Sunday, July 3, 2022

Afena Capital banking on experience to succeed in Botswana market

Afena Capital, the new asset management company said it entered the Botswana market because it is the arena it knows better, is “passionate about” and has significant experience in managing portfolios and asset management operations.

The chairman of the new outfit, Tebogo Naledi, said at the launch of the company at the GICC this week that they also have entrepreneurial drive of citizen management team that has the necessary experience of the country’s Collective Investment Undertaking industry.

“Botswana is the market that we know; we understand better and are passionate about,” said Naledi, who is the former Managing Director of Investec Asset Management Botswana.

“(….we have a) differentiated position from competitors in terms of our investment offering, our partnership model (and) our commitment,” he added.

Afena Capital Botswana is a partnership between Afena Capital, which was established in South Africa in 2005 and has P23 billion in assets under management. It is in the top 20 of South Africa’s asset managers and has a client base of 50 institutional and individual investors.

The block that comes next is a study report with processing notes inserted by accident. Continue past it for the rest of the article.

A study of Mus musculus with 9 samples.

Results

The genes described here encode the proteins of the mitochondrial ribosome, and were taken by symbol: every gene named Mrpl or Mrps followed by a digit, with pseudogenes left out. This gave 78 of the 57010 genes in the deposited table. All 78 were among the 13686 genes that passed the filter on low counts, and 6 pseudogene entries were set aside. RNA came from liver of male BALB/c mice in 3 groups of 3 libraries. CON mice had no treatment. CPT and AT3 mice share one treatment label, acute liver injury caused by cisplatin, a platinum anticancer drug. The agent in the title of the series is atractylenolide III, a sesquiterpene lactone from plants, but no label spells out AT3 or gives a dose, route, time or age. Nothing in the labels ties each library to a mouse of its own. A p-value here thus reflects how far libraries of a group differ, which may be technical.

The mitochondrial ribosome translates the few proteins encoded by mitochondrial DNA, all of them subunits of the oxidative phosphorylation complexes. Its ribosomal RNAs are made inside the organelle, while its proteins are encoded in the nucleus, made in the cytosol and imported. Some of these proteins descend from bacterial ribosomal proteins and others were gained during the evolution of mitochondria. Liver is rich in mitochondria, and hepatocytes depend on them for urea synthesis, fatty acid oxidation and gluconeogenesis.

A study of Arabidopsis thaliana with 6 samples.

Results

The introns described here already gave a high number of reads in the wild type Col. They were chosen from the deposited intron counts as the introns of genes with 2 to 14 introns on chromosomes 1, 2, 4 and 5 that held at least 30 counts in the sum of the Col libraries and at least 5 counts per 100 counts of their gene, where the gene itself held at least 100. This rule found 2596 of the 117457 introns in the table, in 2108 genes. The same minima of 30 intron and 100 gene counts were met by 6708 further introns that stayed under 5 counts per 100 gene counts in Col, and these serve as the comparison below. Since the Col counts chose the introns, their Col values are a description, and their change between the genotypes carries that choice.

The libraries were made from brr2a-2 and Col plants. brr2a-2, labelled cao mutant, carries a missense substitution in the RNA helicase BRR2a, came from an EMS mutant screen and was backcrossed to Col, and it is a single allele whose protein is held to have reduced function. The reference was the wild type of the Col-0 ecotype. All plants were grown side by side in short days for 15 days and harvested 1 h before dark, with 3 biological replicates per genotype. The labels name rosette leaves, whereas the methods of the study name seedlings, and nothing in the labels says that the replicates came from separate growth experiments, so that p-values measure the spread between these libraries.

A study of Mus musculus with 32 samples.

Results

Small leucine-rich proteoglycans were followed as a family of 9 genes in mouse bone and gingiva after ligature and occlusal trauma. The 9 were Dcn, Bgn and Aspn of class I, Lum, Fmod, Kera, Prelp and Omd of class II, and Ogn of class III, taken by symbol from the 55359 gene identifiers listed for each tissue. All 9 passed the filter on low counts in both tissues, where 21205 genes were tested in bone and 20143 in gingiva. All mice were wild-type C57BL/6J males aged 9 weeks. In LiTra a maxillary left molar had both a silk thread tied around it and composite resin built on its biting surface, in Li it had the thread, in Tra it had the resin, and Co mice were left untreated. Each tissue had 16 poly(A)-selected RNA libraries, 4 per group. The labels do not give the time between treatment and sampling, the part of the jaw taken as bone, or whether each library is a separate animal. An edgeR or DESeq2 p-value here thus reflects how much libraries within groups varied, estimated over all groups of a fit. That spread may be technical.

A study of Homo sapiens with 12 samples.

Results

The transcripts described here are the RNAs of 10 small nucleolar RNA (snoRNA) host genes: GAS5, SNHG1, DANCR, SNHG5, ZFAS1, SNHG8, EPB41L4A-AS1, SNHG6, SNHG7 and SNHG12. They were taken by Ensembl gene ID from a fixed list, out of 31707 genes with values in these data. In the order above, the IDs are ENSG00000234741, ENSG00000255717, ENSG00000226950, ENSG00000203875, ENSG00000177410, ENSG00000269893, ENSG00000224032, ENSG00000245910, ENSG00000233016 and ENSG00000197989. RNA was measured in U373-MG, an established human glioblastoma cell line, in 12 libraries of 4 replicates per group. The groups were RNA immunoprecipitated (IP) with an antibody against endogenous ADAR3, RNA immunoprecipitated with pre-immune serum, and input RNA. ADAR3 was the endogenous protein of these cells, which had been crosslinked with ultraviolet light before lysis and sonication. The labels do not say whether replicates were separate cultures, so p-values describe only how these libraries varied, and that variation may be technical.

Although only registered last year by regulators, the company has taken first client in Botswana in March, which will be a major confidence boost in a competitive market where there are 13 asset managers and 6 management companies competing for a slice of the multi-billion Pula Collective Investment Undertaking cake.

Afena Capital Botswana is owned 55 percent by Afena Capital Ltd and 45 percent by citizen management team.

The value of retirement funds in Botswana sits at P46.7 billion (37 percent of the GDP) as of September 2012 with regulators pushing for that money to be invested home following the risky exposure to the global markets.

Vice President, Ponatshego Kedikilwe said given the long term savings in Botswana, an important opportunity exists for these savings to become more active sources of capital to drive economic growth.

Government has been active issuer of bonds since 2004 to fund public works, although critics say this is little as there are still high capital inflows from abroad, which defeats the spirit of developing the local debt market.

There are 34 bond instruments listed on the Botswana Stock Exchange (BSE) and the percentage of the total pension fund assets invested in the domestic bonds has increased from just over 3 percent in 2005 just over 14 percent in 2012.

Kedikilwe warned fund managers to give pride and place to the clients they manage funds for, including the rural folks.

“In essence, it is critical to remember that long term savings that are managed by the fund management industry in Botswana are funds that ultimately belong to hundreds of thousands of citizens of Botswana,” said Kedikilwe.

“This, therefore, places an important fiduciary responsibility on the people managing these funds to always act responsibly and professionally in the execution of their roles as custodians of the nation’s savings”.

Non Bank Financial Institution Regulatory Authority (NBFIRA) is the regulator for non banking sector participants including pension fund managers.